Coordinated by Professor Duck-chul Lee (DC Lee)
The Physical Activity Epidemiology Lab conducts human research on the effects of lifestyle physical activity, sedentary behavior, resistance and aerobic exercise training, cardiorespiratory fitness, and muscular strength, on various health outcomes such as hypertension, diabetes, obesity, cancer, sarcopenia, and cardiovascular disease morbidity and mortality in adults and older adults. Methodologically, this research involves a comprehensive epidemiological approach that includes both large observational (cohort) studies and randomized controlled trials of exercise.
Big Data Analyses on Physical Activity and Chronic Disease Prevention and Longevity
Our lab investigates the effects of physical activity on the development of chronic diseases and mortality using a large projective cohort studies such as the Aerobics Center Longitudinal Study (ACLS) in over 80,000 men and women with 35 or less years of follow-up. We have published over 50 papers using several big cohort data, and one paper published in JACC in 2014 on leisure-time running and mortality has been featured in over 350 major media outlets around the world including US national TV (‘NBC’ & ‘ABC’), and magazines including ‘The New York Times,’ ‘CNN,’ and ‘The Washington Post’. Currently, we are working on over 20 research projects using several national and international big cohort data including the ACLS. These studies will have direct impact on the development of public health policy and guidelines (e.g., US and WHO Physical Activity Guidelines).
“Running 5 Minutes a Day Has Long-Lasting Benefits.” The New York Times. 7/30/2014.
Clicking graph enlarges image.
Youtube Video on running and mortality
Longitudinal Cohort Studies on Physical Activity and Health in Older Adults
“Physical Activity and Sarcopenia Study (PASS)” in older adults to investigate the associations between objectively measured physical activity and sarcopenia.
Over the last 2 years, our lab has launched a prospective cohort study on physical activity and sarcopenia, muscle loss due to aging, to examine the associations of objectively measured physical activity with the development of sarcopenia in older adults, funded externally. We assesse comprehensive health and fitness measures including body composition using DXA scan, muscular strength using Biodex, and several functional ability tests (400 meter walk test, grip strength test, etc.). We finished baseline data collection in 304 older adults in May 2016 as our first cohort. We plan to continue to follow the current participants, and add new participants each year to establish a longitudinal prospective cohort study on physical activity and health including cardiovascular disease, cancer, etc., in addition to sarcopenia in older adults. This cohort study will add important evidence to develop guidelines about the optimal amount of physical activity to prevent and delay chronic diseases and increase independence and longevity in older adults. In 2013, we conducted another observational study to examine muscle-strengthening activities (e.g., weight lifting and carrying heavy loads) in daily life on cardiovascular disease risk factors (e.g., blood pressure, waist circumference, etc.) in over 450 middle-aged or older adults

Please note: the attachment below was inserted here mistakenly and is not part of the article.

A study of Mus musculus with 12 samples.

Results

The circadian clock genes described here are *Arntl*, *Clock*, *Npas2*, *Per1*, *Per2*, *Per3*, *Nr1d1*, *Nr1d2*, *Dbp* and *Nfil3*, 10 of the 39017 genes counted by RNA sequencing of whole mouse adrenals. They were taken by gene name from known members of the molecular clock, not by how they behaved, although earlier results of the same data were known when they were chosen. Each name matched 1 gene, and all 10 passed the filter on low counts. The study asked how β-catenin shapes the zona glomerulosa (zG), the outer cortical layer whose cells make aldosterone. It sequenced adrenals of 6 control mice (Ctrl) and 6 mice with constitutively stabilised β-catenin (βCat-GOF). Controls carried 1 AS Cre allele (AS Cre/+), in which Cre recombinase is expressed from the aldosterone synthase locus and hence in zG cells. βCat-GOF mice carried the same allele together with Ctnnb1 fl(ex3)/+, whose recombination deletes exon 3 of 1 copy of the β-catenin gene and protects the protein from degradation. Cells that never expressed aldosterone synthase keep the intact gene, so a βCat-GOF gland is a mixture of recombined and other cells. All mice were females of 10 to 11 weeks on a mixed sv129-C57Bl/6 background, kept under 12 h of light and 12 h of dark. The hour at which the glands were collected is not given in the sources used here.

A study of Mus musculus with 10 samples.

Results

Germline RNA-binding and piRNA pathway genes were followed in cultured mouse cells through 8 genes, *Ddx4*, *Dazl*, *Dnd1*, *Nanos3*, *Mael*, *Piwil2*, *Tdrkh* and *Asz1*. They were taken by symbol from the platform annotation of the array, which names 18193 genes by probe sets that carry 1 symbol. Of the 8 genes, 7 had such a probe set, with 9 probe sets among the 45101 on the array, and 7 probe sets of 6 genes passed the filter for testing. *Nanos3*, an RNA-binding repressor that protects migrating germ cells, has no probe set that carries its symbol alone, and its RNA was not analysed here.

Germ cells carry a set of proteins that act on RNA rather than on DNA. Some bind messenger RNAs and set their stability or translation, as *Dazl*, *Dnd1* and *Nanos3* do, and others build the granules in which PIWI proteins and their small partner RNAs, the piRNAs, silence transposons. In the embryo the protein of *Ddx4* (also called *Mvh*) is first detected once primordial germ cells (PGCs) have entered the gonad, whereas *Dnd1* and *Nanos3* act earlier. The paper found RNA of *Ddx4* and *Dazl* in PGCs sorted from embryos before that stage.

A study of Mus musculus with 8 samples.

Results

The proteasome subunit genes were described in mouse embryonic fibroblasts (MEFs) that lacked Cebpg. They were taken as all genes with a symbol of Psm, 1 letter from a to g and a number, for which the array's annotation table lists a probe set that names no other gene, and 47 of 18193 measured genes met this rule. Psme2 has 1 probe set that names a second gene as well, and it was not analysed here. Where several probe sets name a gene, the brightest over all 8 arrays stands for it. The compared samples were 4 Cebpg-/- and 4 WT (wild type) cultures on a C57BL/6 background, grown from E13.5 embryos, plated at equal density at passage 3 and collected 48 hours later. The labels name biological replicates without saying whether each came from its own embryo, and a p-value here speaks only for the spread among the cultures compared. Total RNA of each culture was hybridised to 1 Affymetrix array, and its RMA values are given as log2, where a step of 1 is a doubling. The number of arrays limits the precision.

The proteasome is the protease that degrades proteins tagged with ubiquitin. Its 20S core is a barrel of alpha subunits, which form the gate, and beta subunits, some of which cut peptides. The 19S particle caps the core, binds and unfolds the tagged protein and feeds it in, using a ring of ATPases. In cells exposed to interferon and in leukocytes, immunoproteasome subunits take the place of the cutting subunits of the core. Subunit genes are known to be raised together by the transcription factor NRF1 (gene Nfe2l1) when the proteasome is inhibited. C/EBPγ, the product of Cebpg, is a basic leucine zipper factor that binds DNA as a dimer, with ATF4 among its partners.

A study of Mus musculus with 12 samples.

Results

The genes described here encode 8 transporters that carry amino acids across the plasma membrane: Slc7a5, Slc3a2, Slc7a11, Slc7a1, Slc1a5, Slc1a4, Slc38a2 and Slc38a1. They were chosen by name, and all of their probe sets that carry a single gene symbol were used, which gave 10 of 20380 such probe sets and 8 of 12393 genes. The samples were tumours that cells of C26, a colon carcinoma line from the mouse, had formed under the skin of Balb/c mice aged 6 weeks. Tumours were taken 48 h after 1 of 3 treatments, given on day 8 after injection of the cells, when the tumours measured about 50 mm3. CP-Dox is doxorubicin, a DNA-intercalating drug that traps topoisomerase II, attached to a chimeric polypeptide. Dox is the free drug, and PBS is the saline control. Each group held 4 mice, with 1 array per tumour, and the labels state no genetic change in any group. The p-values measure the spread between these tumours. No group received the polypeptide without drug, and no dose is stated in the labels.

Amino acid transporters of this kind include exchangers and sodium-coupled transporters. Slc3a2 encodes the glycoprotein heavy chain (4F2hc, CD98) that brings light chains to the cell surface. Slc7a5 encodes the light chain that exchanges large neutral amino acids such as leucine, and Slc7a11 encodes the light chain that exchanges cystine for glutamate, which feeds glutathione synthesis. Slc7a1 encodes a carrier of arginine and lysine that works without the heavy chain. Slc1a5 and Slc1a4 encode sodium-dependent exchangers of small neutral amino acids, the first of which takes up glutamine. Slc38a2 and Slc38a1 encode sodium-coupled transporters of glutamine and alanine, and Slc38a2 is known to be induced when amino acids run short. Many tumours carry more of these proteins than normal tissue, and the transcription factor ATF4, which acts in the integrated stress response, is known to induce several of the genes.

Randomized Controlled Trials of Exercise Training on Chronic Disease Risk Factors
Technogym Wellness System to automatically monitor exercise training from a study funded by a $3.4 million NIH grant.
One of our specific research interests in the lab is to investigate the health benefits of resistance exercise such as weight lifting, independent of and combined with aerobic exercise. The current Physical Activity Guidelines have primarily focused on aerobic exercise for health benefits, but little is known about the health effects of resistance exercise. To conduct exercise intervention studies, we established a Technogym Wellness System, a computer-based automatic exercise monitoring system, in the lab. Using this innovative system, we completed an 8-week randomized controlled exercise trial in 69 overweight/obese adults in 2015, which was funded by the college at ISU. This study was designed to compare the relative contribution of aerobic and resistance exercise training to arterial stiffness, inflammatory markers, and other emerging cardiovascular disease risk factors. We used this pilot study for an NIH R01 grant application, which was funded in July 2016. We plan to submit NIH grant applications to conduct other exercise intervention studies on several other health outcomes.
Current Research Projects
Comparison of the Cardiovascular Benefits of Resistance, Aerobic, and Combined Exercise (Cardio-RACE)
Principal Investigator: Lee, DC. Source: NIH (NHLBI) R01 (1R01HL133069-01) (July 2016 ~ June 2021). This research is to investigate the comparative effectiveness of the cardiovascular benefits of resistance, aerobic, and a combined exercise by conducting 1) a large cohort data analysis using the Aerobics Center Longitudinal Study and 2) a 1-year randomized controlled trial in 400 adults who are at high risk of developing cardiovascular diseases.
Physical Activity and Sarcopenia Study (PASS)
Principal Investigator: Lee, DC. Source: Biospace (October 2015 ~ May 2017). This research is to investigate the associations of physical activity and fitness with sarcopenia in 300 older adults by conducting a 1-year prospective observational study. After May 2017, we will follow the current participants and continue to recruit new participants to establish a longitudinal cohort study on physical activity and chronic disease prevention and longevity.
Technogym Wellness System, DXA scanner, SphygmoCor devices to measure central hemodynamics (aortic stiffness and central blood pressure), InBody 720 body composition analyzer, 24-hour heart rate monitors, over 150 accelerators, and many more health and fitness equipment.